11:17 PM

The Perfect Airplane
...for Me?

Regular readers of WoF know that we used to have a cherry 1963 Cessna 172D when we lived down in California, but sold our half when we moved to Eugene, Oregon. I now rent an almost identical '63 172D model, but as my aviation ad agency continues to grow, we are picking up more clients throughout the West, and another company plane is starting to make great business sense.

My partner Julie just spent a couple of days on the phone with United customer service over in what sounded like Bangladesh trying to change a ticket so we could schedule a photo shoot with a new client in Wyoming. But due to (a) language problems, and (b) the usual airline weirdness, “Dolly” as she called herself, failed to make the trip happen, and “Bob” wasn't much better. He could understand our request, and in quite broken English, slammed us with about an $800 quote for changing the round trip to a multi-city flight.

Screw that, I need my own airplane again!

So I have been really devoting quality time to sorting out the question of what model would serve our business and personal needs the best. Here are the specifications I know are etched in stone:

It needs to be fixed gear to save on insurance and annuals, and needs to cruise north of 140 knots and have the range to get throughout the 13 Western states on one fuel stop. It has to have enough useful load to carry 2-3 adults and their stuff, or the two of us and maybe a grandkid and all of his/her stuff(ed animals). It has to be IFR certified, and have a operating autopilot, preferably two axis. I'd like low airframe hours, but will settle for a mid-time airframe with a low-time engine. It has to have two radios, with at least one being flip-flop, and I'd LOVE a panel mounted GPS. All that, and it has to cost south of $100K.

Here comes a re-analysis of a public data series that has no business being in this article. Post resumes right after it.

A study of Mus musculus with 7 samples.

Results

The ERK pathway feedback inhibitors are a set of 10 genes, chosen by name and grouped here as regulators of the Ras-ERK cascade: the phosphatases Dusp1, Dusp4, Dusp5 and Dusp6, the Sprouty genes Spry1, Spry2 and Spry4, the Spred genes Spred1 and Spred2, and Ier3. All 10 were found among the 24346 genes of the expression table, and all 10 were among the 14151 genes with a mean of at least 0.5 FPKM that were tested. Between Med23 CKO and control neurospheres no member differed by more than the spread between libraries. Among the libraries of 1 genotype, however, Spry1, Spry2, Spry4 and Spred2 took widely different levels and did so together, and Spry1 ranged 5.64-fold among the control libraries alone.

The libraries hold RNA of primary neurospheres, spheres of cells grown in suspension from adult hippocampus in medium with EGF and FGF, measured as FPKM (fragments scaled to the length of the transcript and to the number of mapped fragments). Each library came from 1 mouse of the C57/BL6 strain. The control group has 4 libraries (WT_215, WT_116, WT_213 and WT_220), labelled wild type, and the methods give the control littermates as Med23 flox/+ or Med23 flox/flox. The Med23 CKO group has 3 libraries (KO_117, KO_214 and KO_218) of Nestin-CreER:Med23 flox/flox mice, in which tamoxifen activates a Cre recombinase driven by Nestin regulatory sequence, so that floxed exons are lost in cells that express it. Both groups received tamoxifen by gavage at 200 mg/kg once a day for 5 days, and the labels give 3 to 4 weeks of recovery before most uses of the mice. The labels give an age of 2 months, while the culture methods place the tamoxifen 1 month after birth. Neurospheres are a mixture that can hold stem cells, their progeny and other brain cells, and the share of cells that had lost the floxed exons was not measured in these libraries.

In determining the solution to this riddle, I realized that of all the planes that fit the above criteria, the one plane that does it all doe me is the 1979 or 1980 Cessna 182Q Skylane. At 75% cruise, the 230 HP engine will pull me along at 144 kts, but dirty, it stalls at a safe and sane 50 kts. It's 1,010 ft/min rate of climb will do nicely up to the 16,500 ft service ceiling, which is plenty high to get over any of the West's ranges. I LOVE the 92 gallons of fuel that will give me 880 NM range, and the 654 lbs. of load after the tanks are topped will haul the two of us and 299 lbs. of our crap a long, long ways.
What draws me to the 182Q is that when all is said and done, it is still a nice, friendly Cessna. I've flown the 150, the 152 Aerobat, several 172s, and a 172XP, and without exception, they all fly exactly the same. The 182Q ought to fly just like the rest, and it'll get off the ground in 705 feet and land in just 590 feet...so it'll perform in high/hot or small strip situations easily.
Docile, predictable and dependable...three words to describe the Cessna 182Q Skylane. Now all I have to do is line my ducks up in precisely the right order, wait for my ship to come in, and pray the stars will align properly. If none of that works, I'll just ask the Universe to make it happen. If you don't know what that means, click here and ask for Michael.